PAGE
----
The reform package that was pushed through last week's NCAA convention in Nashville by the Presidents Commission included across-the-board cuts in everything from scholarships to coaching staffs to practice time. The coup left some athletic directors and coaches, particularly football coaches, crying bloody murder. "This wasn't a Presidents Commission sweep," said Vince Dooley, the athletic director at Georgia. "This was a Presidents Commission blitzkrieg."
Indeed, NCAA executive director Dick Schultz had done such a good job of lobbying in advance for the reform package that the overwhelming majority of the 2,400 delegates arrived at the convention with the express purpose of rubber-stamping the proposals. Those rubber stamps came in the form of hand-held electronic devices that were used, for the first time, to vote on some of the major issues. When a snafu developed during the very first vote, B.J. Skelton of Clemson, an NCAA vice-president, said, "I have been informed that at 10 a.m., 262 garage doors opened simultaneously."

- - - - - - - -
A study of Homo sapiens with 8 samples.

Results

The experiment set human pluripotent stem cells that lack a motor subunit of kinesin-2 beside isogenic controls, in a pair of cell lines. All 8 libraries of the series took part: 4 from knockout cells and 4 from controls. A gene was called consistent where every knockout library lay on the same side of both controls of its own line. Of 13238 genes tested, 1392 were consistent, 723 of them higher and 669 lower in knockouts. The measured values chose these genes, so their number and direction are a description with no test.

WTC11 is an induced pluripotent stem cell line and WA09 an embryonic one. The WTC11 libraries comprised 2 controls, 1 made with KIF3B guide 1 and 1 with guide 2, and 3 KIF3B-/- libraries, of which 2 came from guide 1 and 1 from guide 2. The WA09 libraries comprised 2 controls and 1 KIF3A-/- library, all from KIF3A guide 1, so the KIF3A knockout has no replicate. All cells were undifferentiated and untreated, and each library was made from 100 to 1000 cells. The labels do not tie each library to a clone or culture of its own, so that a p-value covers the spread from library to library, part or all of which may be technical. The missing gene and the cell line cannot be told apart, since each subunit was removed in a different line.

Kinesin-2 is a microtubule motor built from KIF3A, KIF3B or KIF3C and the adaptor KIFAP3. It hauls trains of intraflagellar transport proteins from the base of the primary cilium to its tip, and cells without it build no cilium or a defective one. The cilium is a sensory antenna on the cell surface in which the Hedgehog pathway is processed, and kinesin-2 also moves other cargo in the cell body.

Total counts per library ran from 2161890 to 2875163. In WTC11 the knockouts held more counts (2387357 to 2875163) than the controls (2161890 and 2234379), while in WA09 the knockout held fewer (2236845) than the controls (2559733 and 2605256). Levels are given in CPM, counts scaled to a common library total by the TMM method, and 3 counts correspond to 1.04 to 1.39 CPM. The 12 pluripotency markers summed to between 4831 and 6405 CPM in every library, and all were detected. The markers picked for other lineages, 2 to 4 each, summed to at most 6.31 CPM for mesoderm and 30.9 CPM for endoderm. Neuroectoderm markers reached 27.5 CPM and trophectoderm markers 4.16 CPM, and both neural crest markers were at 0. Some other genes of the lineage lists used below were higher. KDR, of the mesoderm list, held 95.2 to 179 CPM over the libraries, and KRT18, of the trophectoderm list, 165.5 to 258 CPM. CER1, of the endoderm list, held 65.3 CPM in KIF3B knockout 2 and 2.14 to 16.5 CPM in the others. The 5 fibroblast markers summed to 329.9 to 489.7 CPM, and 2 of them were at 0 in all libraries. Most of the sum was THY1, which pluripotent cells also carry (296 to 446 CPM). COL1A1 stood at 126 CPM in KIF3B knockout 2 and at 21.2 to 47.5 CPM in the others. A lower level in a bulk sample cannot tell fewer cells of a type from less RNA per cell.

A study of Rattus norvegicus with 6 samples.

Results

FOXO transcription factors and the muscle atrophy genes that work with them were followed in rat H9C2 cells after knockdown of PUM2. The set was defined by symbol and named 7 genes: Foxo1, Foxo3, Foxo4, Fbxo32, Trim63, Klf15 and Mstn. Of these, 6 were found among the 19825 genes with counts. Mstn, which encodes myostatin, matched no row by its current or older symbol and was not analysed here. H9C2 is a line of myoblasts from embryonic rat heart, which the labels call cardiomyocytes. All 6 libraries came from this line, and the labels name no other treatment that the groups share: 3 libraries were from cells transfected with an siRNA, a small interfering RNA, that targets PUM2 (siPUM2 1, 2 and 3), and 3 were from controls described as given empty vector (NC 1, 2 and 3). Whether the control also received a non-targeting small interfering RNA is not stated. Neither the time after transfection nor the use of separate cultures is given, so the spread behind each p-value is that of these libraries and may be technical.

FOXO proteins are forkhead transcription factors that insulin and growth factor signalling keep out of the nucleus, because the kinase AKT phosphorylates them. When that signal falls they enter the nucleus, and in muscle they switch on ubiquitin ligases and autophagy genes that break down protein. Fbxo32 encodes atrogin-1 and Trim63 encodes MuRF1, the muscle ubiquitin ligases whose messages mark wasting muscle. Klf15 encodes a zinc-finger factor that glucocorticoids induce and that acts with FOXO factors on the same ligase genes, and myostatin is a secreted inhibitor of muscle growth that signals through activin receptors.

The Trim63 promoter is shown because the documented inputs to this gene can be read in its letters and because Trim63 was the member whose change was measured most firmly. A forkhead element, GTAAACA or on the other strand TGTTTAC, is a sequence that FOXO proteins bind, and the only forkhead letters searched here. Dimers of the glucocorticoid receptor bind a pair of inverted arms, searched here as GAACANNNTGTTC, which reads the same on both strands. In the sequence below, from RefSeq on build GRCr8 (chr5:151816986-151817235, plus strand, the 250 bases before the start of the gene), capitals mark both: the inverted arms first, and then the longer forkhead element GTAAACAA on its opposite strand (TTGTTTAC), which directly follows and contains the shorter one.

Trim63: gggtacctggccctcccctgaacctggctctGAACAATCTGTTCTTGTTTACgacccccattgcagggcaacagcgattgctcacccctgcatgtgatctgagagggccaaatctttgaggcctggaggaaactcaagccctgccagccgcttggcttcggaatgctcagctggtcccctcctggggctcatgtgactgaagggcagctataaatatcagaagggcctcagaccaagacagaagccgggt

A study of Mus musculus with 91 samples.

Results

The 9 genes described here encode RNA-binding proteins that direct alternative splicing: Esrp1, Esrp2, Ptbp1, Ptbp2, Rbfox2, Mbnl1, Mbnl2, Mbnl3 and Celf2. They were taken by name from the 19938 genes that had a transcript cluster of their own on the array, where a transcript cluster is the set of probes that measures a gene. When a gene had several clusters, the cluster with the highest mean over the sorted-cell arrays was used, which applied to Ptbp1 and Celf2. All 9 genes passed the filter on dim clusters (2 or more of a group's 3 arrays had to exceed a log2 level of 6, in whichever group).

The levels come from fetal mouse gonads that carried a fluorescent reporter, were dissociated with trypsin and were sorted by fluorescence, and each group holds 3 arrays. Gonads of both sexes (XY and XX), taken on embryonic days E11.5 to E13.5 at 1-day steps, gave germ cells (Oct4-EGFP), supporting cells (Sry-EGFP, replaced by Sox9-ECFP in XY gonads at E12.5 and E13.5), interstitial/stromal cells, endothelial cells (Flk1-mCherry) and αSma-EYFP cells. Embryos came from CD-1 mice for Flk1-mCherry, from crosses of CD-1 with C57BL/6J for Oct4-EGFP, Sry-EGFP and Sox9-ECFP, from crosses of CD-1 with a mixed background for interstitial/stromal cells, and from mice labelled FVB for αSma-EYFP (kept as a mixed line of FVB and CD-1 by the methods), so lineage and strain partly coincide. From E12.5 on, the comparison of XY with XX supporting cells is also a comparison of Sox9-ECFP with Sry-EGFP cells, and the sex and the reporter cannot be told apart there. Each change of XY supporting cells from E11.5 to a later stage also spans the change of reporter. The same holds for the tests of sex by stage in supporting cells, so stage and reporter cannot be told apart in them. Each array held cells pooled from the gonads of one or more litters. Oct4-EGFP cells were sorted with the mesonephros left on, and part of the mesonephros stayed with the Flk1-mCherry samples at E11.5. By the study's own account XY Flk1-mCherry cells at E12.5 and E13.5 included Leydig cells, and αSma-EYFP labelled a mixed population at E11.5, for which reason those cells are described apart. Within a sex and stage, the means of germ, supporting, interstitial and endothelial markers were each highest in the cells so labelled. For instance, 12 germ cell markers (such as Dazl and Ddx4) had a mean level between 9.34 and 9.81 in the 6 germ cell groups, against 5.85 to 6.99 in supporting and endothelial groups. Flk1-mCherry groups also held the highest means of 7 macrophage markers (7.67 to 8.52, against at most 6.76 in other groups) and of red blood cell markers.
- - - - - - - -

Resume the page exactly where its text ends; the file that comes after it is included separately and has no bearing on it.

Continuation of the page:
But that was about the only glitch in a convention that was more carefully orchestrated than anything ever seen at the nearby Grand Ole Opry. An estimated 235 college presidents, 100 more than usual, attended the convention, and for the most part, what the presidents wanted, the presidents got:
•Mandatory in-season practice and competition time will be limited to a maximum of 20 hours per week and four hours per day, with athletes guaranteed one day off a week.
•Athletic dorms or dorm wings earmarked for athletes will be phased out by 1996.
•Training table meals will be reduced to one a day by 1996.
•Coaching staffs will be cut by at least one position in most sports and by an average of three in Division I-A football.
•Scholarships in all Division I sports will be reduced by 10%.
•Division I athletes who enter their fourth year in school will have to have completed at least 50% of their degree requirements to remain eligible.